Mrs. Simpson Miller said that she has asked Justice Minister, Senator Mark Golding, to look at legislation that will allow DNA evidence to be used , “so that when somebody rape, they can’t say is lie, cause the evidence will be there. The DNA will be there.”

The Prime Minister was addressing a forum at the Terra Nova Hotel on

November 23 in observance of ‘International Day For the Elimination of Violence Against women’.  The event was hosted by the Bureau of Women’s Affairs in collaboration with the Blossom O’Meally-Nelson Foundation and the United Nations Population Fund (UNFPA), under the theme: ‘Sexual Violence and Domestic Abuse: a major barrier to women’s safety and empowerment’.

The Prime Minister noted however, that while the state is working on legislation, parents must also take responsibility for the care and protection of their children.

She recommended that the Bureau of Women’s Affairs collaborate with the Social Development Commission (SDC) and the Values and Attitude programme headed by Ambassador Burchell Whiteman, to have a series of community meetings with parents and guardians to discuss issues surrounding violence against women and children.

She promised full support for such an initiative, noting that once she was available she would attend the meetings. She also pointed out that it was everyone’s responsibility to join in the fight against the abuse of the nation’s women and children and noted that as women, “we can draw on the indomitable spirit of Nanny of the Maroons and save our children; it is not beyond us”.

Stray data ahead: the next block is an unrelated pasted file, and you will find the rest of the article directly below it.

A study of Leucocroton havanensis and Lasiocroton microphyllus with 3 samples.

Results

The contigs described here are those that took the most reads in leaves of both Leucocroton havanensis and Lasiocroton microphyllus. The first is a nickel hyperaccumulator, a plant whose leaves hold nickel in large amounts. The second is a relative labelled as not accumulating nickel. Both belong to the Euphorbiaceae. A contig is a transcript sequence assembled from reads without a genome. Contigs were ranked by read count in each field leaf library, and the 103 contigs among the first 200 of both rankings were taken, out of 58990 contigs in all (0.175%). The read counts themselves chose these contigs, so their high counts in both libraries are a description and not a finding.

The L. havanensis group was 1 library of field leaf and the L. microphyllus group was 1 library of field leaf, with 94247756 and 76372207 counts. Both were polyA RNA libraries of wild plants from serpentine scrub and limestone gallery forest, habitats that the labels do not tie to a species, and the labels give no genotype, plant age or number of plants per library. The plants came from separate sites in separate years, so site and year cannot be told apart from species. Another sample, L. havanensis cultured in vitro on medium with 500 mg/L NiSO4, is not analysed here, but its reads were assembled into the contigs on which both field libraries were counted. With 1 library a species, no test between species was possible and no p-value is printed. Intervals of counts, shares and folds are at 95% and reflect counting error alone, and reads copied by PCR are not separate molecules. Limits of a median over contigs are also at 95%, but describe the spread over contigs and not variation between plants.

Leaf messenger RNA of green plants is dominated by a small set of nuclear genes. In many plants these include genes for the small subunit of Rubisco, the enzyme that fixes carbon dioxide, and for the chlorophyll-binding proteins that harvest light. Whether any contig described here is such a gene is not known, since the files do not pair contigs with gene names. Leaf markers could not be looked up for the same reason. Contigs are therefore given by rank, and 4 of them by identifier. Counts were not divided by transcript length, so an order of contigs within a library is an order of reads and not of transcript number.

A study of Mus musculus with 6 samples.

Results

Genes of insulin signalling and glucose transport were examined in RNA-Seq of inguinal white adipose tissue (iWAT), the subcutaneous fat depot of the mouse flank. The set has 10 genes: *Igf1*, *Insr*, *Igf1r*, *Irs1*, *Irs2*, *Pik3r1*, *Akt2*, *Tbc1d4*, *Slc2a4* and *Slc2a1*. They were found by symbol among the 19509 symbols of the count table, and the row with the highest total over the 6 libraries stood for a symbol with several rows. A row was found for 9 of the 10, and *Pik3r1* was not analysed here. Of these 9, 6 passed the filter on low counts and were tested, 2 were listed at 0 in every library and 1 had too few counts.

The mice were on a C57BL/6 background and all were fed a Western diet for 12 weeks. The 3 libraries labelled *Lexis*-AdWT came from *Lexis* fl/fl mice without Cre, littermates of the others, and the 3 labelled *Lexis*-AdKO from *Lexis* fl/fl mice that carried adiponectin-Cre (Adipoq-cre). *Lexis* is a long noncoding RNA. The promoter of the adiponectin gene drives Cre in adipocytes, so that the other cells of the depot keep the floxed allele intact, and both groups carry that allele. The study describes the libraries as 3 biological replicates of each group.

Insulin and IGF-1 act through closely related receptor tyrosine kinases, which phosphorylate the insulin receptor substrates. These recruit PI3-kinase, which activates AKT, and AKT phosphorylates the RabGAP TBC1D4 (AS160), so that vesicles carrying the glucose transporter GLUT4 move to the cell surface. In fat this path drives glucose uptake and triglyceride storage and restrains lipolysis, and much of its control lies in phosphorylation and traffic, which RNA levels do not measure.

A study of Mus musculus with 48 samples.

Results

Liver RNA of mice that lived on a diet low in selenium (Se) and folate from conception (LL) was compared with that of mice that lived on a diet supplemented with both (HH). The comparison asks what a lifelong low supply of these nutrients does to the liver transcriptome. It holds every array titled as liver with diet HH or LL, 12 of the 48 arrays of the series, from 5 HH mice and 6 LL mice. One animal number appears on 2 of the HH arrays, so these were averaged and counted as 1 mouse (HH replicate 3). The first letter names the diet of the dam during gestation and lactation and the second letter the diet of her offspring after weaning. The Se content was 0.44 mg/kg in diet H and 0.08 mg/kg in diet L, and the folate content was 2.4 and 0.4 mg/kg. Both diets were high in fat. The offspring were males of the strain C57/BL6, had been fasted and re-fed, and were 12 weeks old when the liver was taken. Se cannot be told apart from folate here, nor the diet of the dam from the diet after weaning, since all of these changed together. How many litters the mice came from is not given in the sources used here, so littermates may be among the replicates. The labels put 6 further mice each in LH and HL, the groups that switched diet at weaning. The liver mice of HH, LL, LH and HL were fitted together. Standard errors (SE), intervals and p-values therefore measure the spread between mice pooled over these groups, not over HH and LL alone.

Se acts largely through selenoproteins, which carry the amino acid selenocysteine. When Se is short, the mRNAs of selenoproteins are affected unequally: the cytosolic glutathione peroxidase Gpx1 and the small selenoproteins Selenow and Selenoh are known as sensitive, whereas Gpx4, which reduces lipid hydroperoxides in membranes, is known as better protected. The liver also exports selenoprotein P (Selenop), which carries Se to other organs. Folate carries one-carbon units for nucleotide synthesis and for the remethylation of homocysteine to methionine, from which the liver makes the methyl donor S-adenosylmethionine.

The forum explored the relationship between the images in the public domain through art, music, advertising and the media, and the negative behaviour towards women and girls.

The presenters included Communication and Media Specialist, Dr. Marcia Forbes, who spoke on ‘Music and Media Shaping Behaviour’; Artist and Lecturer, Pat Ramsay, on ‘Art as an Expression of Sexuality; Psychologist Dr. J. Walcott, on ‘The Psychological Impact of Public Images’; and Lecturer at the Institute of Gender Studies at the University of the West Indies, Dr. Dalea Bean, spoke on the topic: ‘The shame of the past; the same for the future? A historical perspective on sexual violence against women’.

The forum also saw the Prime Minister presenting certificates to 50 women, men and organizations for making significant contributions to the fight against gender-based violence, and to the well being of women.